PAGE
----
In an era of summer blockbuster filmmaking that tries to mine its drama from our heroes feeling conflicted about whether or not to behave heroically, Pacific Rim provides a breath of fresh air in giving us a movie populated with characters behaving heroically from the start while learning the value of working together. By establishing its premise and stakes (interdimensional fissure in the Pacific Ocean unleashes Kaiju/giant beasts on the world’s coastlines and giant human-operated Jaegers/robots are all that stand between us and utter destruction) with lightning precision (we have giant monsters rampaging approximately a minute into the movie), it feels like a transmission from a bygone era when character motivation and narrative focus were things given any level of consideration during the filmmaking process. This is perfect summer entertainment; a film that doesn’t require you to turn your brain off, instead lighting up your pleasure centers like a Christmas tree while telling a simple but strong underdog story in the process.
Pacific Rim is exactly the kind of film that will begin torrid love affairs with science fiction cinema for younger theatergoers (this film is massively family-friendly, depending on your child’s tolerance for giant monsters and the like); Del Toro has created a rich environment that will form the setting for many epic playground battles in the coming years. He’s fashioned an immersive world that sprawls beyond the edges of the film and gives the unique impression that absolutely fascinating stories are happening in every corner of this world. The set design is near miraculous, giving the whole universe of the film a deeply worn and lived-in feel (a lesson movies such as the visually antiseptic Oblivion could learn from) that says more visually that any clunky exposition about the toll this war has taken on the world could ever say.
Guillermo Del Toro’s life-long love of Kaiju pictures and Saturday morning “Mech” series such as Patlabor Z and Ultraman were all the research he needed in order to bring this mega-scale project to life; his uncanny ability to create a sense of grotesque wonder through creature design pays off in spades here, concocting nightmarish creatures equal parts Lovecraft and Toho for our heroes to fend off. He also knows better than to repeat himself; the locales and logic behind each battle changes allowing for dynamic action so the initial excitement of seeing such epic imagery showcased on screen doesn’t wane through the use of dull repetition. His sense of scale is immaculate, never losing the human aspect of the battle that allows for his epic smackdowns to retain a human element even when none are visible on screen.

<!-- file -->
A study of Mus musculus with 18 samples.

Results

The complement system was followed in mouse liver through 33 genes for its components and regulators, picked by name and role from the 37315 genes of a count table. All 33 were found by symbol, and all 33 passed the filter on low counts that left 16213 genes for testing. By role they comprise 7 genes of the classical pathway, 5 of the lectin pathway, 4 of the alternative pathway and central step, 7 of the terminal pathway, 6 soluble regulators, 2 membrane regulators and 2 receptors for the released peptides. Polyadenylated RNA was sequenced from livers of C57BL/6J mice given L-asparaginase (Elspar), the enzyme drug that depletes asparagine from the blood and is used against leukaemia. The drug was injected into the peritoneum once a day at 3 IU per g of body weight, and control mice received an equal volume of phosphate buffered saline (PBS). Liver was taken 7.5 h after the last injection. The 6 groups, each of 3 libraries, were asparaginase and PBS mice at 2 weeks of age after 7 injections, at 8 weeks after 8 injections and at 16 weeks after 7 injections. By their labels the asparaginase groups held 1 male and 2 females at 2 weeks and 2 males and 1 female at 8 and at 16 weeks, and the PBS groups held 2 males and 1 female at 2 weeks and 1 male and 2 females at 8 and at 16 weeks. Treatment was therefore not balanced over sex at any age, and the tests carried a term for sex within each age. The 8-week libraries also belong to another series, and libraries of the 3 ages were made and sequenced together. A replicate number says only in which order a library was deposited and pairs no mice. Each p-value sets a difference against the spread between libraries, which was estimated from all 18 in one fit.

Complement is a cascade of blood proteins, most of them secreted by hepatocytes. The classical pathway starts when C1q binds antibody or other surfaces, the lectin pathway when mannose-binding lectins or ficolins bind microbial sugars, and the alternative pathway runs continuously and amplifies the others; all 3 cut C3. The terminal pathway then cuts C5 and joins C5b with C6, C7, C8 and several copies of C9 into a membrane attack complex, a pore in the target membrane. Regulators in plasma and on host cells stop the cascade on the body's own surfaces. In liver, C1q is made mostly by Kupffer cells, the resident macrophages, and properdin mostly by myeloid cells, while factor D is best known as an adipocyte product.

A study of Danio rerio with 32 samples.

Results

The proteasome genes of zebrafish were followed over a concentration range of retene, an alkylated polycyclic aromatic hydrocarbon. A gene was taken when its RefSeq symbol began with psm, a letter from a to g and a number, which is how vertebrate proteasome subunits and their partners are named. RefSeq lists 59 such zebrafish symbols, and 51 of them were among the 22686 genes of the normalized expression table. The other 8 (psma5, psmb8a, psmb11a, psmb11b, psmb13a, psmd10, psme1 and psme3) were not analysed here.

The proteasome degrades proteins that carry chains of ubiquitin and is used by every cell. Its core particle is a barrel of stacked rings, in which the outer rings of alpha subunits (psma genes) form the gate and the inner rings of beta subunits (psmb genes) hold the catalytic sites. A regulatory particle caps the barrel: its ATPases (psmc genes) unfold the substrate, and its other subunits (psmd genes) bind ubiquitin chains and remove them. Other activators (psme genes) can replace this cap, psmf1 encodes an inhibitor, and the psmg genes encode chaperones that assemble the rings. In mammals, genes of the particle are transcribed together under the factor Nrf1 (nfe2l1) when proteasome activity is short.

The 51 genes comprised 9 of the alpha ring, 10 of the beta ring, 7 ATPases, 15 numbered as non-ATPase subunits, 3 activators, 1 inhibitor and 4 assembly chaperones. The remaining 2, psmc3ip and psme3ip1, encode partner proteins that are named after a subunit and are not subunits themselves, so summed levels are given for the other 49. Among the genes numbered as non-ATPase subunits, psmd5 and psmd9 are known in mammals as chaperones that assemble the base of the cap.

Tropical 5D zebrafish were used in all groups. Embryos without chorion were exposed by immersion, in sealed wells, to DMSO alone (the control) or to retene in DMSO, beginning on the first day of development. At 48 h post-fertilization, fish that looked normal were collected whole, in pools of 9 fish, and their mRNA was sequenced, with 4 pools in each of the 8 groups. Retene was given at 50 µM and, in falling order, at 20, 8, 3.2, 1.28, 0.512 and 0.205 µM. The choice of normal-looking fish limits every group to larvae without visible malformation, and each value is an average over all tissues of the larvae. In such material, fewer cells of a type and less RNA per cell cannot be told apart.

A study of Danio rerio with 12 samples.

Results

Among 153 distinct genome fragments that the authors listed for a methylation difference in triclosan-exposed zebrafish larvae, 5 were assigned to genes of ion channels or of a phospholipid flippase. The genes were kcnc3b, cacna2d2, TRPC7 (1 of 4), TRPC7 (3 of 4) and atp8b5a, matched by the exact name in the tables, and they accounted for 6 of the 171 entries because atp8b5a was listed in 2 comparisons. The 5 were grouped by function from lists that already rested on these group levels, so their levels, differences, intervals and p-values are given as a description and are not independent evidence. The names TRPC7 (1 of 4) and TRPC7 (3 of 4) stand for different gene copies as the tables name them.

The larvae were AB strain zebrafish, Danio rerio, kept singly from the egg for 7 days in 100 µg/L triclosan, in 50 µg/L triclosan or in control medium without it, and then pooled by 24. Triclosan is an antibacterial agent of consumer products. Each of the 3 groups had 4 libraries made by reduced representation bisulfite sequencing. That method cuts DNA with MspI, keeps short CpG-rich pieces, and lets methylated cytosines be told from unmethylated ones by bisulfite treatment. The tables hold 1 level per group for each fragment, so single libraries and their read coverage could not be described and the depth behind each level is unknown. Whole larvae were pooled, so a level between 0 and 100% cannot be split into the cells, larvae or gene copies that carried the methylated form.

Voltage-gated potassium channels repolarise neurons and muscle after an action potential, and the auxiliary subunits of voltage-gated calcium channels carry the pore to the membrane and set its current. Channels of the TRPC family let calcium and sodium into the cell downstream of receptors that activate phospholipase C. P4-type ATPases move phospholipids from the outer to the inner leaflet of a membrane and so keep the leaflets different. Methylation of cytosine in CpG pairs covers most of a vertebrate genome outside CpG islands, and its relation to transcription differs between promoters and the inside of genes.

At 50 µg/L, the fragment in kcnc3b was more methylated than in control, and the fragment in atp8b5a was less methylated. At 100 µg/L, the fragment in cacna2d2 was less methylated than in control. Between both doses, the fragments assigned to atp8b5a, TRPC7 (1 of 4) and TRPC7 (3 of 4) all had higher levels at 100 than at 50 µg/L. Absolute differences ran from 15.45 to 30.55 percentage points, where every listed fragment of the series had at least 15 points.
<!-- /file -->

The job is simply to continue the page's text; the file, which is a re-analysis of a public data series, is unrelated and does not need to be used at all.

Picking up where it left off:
Knowing full well that the main attraction is bot-on-beast action, Del Toro doesn’t try to spend an inordinate amount of time with his humans, preferring to deal in broad strokes. Co-writer Travis Beacham does a wonderful job of giving each character their own arc, allowing nobody to feel superfluous to the plot. Charlie Hunnam and Rinko Kikuchi don’t set the world ablaze with their chemistry, but their interactions coupled with Idris Elba (whose every comment and gesture in this movie creates a tidal wave of gravitas that turns the first 20 rows of every theater into a Gallagher-esque splash zone) create a strong emotional base for the movie to built on. Del Toro also knows the value of populating the periphery of his picture with delightful character actors who are able to spin moderate screen time into memorable roles, most notably Charlie Day (It’s Always Sunny in Philadelphia) and Burn Gorman (Torchwood) as bickering scientists whose competing theories may prove to be civilization’s last hope along with Hellboy himself, Ron Perlman, as unscrupulous dealer of Kaiju remains Hannibal Chau. Don’t even get me started on how awesome the names in this movie are (Stacker Pentecost! Herc Hanson!)
At the end of the day, I’m doing a whole bunch of intellectualizing of a movie that knows the intrinsic value of having a giant robot dome a sea monster with an oil tanker. There’s a beautiful elegance to what Del Toro accomplished here, concocting a fully formed world genuinely and inspiringly kicks ass. It’s a simple story about people overcoming past traumas together in order to overcome a common enemy packaged in one of the most visually dynamic chassis I’ve ever seen assembled for the big screen. Pacific Rim is easily one of your best bets for this or any other summer in recent memory. You owe it to yourself to check it out.